US solar firm SunPower has suspended operation of half of the 12 production lines at its 330MW Fab 2 solar cell manufacturing plant in the Philippines, cutting 900 jobs.
Those jobs amount to about 17 percent of the company’s global workforce, and the production halt accounts for 20 percent of their solar production capacity in the Philippines, cutting around 900 jobs, or.
Overcapacity continues to trouble PV panel manufacturers, and demand from Europe – the world’s largest consumer of PV panels – has declined thanks to reduced subsidies for renewable energy. As a result, prices of solar panels have dropped 30 percent this year, cutting down industry profits.
Manufactured by Silicon Energy, LLC, in Washington State, a strong new photovoltaic module made with DuPont™ PV5300 Series encapsulants is ready to withstand wind and snow. Credit: Dupont PV Solutions.
“Industry conditions continue to be challenging and while it is never an easy decision to reduce positions, we must make prudent decisions to effectively compete in an industry with significant overcapacity,” said SunPower CEO Tom Werner.
“Additionally, we’ll further our efforts to reduce costs and improve operational efficiencies. With this aggressive reorganization plan, SunPower is well positioned to lead the solar market due to our world leading technology and products, significant downstream presence in multiple end segments and ability to open new market opportunities,” he added.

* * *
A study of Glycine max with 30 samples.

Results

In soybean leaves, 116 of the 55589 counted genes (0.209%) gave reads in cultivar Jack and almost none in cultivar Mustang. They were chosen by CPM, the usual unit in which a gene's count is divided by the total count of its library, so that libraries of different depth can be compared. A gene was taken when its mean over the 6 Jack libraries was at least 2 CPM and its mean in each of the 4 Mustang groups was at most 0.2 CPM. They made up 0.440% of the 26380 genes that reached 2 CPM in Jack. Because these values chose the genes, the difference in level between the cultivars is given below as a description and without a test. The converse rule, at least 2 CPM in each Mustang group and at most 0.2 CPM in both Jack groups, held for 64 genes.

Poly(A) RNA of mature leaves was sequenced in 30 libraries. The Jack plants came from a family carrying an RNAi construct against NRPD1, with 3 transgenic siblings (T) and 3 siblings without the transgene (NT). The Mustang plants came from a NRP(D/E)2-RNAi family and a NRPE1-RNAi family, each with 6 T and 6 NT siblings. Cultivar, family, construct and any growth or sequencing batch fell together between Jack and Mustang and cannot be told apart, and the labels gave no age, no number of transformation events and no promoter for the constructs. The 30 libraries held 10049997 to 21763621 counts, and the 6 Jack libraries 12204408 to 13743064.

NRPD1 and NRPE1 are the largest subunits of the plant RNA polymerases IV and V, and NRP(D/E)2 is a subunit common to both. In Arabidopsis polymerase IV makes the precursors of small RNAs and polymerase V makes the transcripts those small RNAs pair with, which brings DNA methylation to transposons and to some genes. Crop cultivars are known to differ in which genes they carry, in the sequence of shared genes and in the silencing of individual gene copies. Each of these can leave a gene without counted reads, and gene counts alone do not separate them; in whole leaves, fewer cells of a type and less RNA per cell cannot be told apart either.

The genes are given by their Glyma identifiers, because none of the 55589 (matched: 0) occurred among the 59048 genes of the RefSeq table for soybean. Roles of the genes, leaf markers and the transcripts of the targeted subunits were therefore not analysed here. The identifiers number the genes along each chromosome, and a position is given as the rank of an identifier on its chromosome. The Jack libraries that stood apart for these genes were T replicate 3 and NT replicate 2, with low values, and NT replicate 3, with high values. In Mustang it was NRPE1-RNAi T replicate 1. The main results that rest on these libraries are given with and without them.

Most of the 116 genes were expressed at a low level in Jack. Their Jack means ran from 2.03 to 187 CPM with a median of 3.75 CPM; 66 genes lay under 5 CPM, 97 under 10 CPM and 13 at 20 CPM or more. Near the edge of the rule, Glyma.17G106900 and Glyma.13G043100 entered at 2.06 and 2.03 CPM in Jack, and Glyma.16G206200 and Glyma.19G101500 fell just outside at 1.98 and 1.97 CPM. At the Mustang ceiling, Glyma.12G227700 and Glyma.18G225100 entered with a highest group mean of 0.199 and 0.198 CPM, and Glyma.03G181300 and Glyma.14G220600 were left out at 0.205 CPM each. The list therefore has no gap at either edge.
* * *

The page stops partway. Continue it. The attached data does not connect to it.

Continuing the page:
SunPower, which is largely owned by French oil company Total SA, shut down Fab 1, another solar cell factory in the Philippines, this past April to further streamline its manufacturing process at its two other plants in the country, with the same aim of cutting costs to make its product more price competitive.
The company had a total workforce of approximately 5,220 employees globally as of January 1, with 4, 130 located in the Philippines. It has stated that most of the 900 job cuts would be in that country, but did not specify where the other job cuts would occur.
Many of SunPower’s main rivals are Chinese manufacturers who are selling less efficient solar panels at far lower prices, which has prompted a trade complaint against Chinese solar manufacturers, resulting in the US Department of Commerce’s imposition of stiff tariffs on its imported silicon PV cells.
But despite this temporary decline in production, SunPower says it expects to maintain progress on its cost reduction scheme, and remains focused on hitting its $0.75 cost per watt goal by the end of 2012.